Is the Plus Size Movement Empowering, Shaming or Unhealthy? Part 2

In Part 1 of our two-part series examining the impact of the plus size moment, we looked at some of the positive and negatives attitudes about weight. We continue now with more stories from the real world where “real” is more fake than you think.

Posted: 24 June 15

By Louisa McKay

Weight: Acceptable Object of Ridicule in an Otherwise P.C. World

Making fun of overweight people remains as one of the last acceptable forms of bigotry at a time when political correctness has put an end to jokes based on gender, sexual orientation, and race.

“There’s The Biggest Loser, More to Love, and don’t forget Dance Your Ass Off. Even with such provocative titles, these are some of the more innocuous examples. It seems that everywhere you turn these days, whether it be reality shows, movies, YouTube, television ads or news reports, an obese person is being ridiculed” – Obesity Action Coalition

Unfortunately, “fat as entertainment” has an unfavourable impact on public perceptions about obese people. Whether it’s in the toxic insults of anonymous social media trolls, the knee-slapping jokes of mainstream comedians, the advertising campaigns of giant business corporations or the editorial decisions of fashion designers and magazines,

You don’t have to look far to find examples that remind us why a plus size-acceptance movement is necessary.

The Cool Kids vs. the Fat Kids at Abercrombie & Fitch

One of the most egregious examples of fat shaming in the fashion world was found at teen retailer Abercrombie & Fitch. Under the leadership of CEO Mike Jeffries, the global trendsetter refused to stock XL and XXL sizes because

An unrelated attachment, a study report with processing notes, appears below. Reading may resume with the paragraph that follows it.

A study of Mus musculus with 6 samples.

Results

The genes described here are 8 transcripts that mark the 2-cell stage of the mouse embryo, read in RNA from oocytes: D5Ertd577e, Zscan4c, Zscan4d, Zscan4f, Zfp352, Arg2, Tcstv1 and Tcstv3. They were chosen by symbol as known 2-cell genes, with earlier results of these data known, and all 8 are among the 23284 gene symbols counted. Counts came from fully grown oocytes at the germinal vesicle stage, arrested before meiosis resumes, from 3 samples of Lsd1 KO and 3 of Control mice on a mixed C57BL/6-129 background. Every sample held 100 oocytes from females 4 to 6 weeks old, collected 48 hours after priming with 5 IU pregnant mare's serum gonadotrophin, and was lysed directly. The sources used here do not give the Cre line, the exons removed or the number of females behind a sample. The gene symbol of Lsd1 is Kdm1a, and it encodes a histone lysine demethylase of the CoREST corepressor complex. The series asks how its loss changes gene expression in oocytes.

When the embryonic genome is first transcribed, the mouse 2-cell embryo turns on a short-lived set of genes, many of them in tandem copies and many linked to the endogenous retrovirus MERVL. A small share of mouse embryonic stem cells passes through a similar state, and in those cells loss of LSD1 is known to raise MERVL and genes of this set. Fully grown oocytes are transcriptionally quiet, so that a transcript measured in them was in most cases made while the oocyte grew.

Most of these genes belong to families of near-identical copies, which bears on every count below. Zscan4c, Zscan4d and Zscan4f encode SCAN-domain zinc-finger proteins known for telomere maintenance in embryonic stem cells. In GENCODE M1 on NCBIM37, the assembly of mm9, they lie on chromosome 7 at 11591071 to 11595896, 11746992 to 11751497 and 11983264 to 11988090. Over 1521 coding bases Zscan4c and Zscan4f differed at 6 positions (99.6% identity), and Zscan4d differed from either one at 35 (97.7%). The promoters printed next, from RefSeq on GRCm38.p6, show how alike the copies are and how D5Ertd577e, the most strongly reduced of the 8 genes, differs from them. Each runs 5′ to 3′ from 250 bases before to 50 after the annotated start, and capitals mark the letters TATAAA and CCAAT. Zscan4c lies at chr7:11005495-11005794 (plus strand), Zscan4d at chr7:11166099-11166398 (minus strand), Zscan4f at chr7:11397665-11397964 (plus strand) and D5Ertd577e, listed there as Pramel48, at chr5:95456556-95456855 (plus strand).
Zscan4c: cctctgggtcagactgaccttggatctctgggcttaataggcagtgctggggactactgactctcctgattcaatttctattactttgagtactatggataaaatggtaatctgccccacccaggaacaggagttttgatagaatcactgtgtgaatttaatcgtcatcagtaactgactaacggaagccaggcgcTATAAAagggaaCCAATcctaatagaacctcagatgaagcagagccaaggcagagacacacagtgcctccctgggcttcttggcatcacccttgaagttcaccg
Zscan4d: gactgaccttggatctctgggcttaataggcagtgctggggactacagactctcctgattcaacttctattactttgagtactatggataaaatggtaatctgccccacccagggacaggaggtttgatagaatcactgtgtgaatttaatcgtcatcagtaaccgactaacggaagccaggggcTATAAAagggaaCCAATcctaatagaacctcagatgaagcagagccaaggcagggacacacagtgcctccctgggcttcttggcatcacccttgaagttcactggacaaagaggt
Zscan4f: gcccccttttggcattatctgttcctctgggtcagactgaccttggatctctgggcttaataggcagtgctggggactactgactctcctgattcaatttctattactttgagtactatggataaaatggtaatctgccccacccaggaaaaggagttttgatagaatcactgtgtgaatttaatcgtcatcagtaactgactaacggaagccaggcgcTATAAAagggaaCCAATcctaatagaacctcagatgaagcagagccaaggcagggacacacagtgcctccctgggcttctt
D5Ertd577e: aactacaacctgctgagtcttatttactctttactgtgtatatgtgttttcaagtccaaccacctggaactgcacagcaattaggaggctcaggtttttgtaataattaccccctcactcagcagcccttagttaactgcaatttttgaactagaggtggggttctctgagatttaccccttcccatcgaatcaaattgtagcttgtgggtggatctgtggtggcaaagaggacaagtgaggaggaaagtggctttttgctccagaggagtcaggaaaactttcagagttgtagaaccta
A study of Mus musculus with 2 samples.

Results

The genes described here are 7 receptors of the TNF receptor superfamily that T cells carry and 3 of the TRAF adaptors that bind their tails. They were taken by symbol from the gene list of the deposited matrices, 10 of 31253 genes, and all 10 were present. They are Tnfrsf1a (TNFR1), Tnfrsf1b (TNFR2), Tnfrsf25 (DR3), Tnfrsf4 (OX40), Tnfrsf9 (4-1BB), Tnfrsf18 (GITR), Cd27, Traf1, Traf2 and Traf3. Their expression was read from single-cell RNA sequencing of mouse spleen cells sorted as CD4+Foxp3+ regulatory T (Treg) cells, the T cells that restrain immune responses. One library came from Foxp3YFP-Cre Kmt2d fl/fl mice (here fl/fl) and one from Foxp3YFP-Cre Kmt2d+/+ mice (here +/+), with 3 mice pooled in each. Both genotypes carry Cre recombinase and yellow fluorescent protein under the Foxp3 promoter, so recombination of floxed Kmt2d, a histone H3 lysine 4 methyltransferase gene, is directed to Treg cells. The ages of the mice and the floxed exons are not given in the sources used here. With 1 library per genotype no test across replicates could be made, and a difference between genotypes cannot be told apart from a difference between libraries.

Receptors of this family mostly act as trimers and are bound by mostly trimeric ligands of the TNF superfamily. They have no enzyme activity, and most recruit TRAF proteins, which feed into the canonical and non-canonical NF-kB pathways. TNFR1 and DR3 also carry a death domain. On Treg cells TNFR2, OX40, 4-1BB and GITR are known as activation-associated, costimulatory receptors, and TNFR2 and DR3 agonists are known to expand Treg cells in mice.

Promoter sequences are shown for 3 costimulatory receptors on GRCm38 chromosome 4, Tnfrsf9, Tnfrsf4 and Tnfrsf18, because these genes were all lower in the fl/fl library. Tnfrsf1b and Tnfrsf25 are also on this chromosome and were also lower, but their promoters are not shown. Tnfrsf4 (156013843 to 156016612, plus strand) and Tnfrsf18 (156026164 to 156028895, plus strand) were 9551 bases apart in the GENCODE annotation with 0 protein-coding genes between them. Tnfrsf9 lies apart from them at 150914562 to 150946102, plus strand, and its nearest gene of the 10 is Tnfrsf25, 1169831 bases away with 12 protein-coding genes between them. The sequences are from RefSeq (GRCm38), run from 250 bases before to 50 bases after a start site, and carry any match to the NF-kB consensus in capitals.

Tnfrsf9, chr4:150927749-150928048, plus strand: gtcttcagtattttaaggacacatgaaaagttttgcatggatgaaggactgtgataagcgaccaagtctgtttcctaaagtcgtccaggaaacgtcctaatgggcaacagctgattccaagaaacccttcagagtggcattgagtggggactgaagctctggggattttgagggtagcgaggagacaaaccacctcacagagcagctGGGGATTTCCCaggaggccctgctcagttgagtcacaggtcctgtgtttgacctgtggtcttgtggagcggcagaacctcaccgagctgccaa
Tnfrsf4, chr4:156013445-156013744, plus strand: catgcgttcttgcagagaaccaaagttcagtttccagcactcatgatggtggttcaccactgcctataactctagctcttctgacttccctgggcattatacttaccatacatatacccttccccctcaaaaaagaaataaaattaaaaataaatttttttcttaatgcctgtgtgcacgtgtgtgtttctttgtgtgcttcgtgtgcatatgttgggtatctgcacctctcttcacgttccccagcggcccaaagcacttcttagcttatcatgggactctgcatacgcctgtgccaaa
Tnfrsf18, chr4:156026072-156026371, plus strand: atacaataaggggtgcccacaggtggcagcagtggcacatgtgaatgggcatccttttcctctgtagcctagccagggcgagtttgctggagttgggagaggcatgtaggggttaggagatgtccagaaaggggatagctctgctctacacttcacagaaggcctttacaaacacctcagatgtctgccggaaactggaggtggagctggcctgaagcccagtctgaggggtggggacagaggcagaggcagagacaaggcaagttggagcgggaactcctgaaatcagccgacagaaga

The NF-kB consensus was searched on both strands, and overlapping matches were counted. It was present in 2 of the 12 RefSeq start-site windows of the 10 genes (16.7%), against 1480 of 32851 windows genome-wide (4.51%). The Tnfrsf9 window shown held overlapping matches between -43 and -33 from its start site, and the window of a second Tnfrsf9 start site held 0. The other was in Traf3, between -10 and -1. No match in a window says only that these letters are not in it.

“(Jeffries) doesn’t want larger people shopping in his store, he wants thin and beautiful people. He doesn’t want his core customers to see people who aren’t as hot as them wearing his clothing. People who wear his clothing should feel like they’re one of the ‘cool kids.’” – Business Insider

Many cheered when Jeffries was stripped of his chairmanship when pressure from activist investors bowed to pressure for activist investors. Six months later, the company capitulated and announced plus sizes would soon be on offer.

Costhetics Finds Evidence that Even “Real Women” Aren’t Real

Even as the fashion industry embraces a woman’s curves, it is not yet ready to accept real curves. The Daily Mail recently published these photos of plus-sized model Katie Green that stirred controversy.

Green is a size 12, but is “plumped up” to become more like the average UK woman who is a size 16:

  • 1-1/2” thick oval foam pads are slipped inside long control shorts to fill out her bottom and hips in order to emphasize her waist.
  • Silicone breast enhancers (known as “chicken fillets”)are slipped inside her bra to boost her bust.

Costhetics asks, “Where’s the empowerment in that?”